Iran: Truth or Dare for Ahmadinejad

James Carafano /

According to press accounts, the Iran President Mahmoud Ahmadinejad declared that “Iran has enough funds to withstand a total embargo on its oil sales for two to three years.”

Cool! Let’s put him and his cronies to the test. Robust sanctions, in combination with other efforts to put the pressure on the boys in Tehran (such as shining a spotlight on the government’s abysmal human rights record), is the best means to foster internal regime change in the country.

Ahmadinejad must think he is prepping for the summer Olympics to set the world record for blustering.

Blustering is apparently a prime instrument of Iranian foreign policy. Remember a short time ago when Iranian politicians threatened to close the Strait of Hormuz, a key waterway that carries about one-third of the world’s oil exports?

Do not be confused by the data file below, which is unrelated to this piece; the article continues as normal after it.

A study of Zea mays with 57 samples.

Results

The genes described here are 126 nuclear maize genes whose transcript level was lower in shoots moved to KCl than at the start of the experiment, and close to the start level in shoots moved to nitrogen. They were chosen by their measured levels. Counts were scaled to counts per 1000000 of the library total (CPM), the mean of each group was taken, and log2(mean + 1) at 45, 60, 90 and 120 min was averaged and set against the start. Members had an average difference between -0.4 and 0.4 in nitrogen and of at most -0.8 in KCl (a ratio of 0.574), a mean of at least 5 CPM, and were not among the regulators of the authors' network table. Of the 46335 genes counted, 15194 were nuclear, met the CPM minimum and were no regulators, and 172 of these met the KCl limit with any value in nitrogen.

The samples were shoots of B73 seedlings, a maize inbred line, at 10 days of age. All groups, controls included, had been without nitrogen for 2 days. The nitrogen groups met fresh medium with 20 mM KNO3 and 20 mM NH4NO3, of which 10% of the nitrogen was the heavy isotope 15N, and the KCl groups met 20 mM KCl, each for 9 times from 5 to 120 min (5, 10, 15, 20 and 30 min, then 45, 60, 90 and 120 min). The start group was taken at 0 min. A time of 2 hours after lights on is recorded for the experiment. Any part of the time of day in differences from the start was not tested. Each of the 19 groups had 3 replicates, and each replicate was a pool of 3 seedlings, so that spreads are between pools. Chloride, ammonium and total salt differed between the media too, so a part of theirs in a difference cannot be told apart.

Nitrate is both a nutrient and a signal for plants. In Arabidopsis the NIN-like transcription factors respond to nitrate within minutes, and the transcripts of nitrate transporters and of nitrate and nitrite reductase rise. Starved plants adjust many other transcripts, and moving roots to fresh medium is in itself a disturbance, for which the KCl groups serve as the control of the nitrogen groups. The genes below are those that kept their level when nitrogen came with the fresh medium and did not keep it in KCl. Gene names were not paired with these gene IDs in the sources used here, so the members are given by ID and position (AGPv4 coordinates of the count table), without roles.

The real problem with Iran, however, is not the empty threats but a foreign policy bent on making serious trouble. Recent reports out of the Britain, for example, claim that Iran is helping fashion bombs to kill NATO soldiers in Afghanistan. It has long been suspected that Tehran set up a pipeline for funneling powerful improvised explosive devises to kill coalition soldiers in Iraq.

Iran has also been also been singled out as one of the world’s most active state sponsors of terrorism.

And, by the way, the Iranians are suspected of having a program to develop the capacity to build nuclear weapons and the long-range missiles to put them on.

The U.S. needs a serious endgame for the dangerous and deadly regime in Iran. Listening to Ahmadinejad’s rants isn’t it.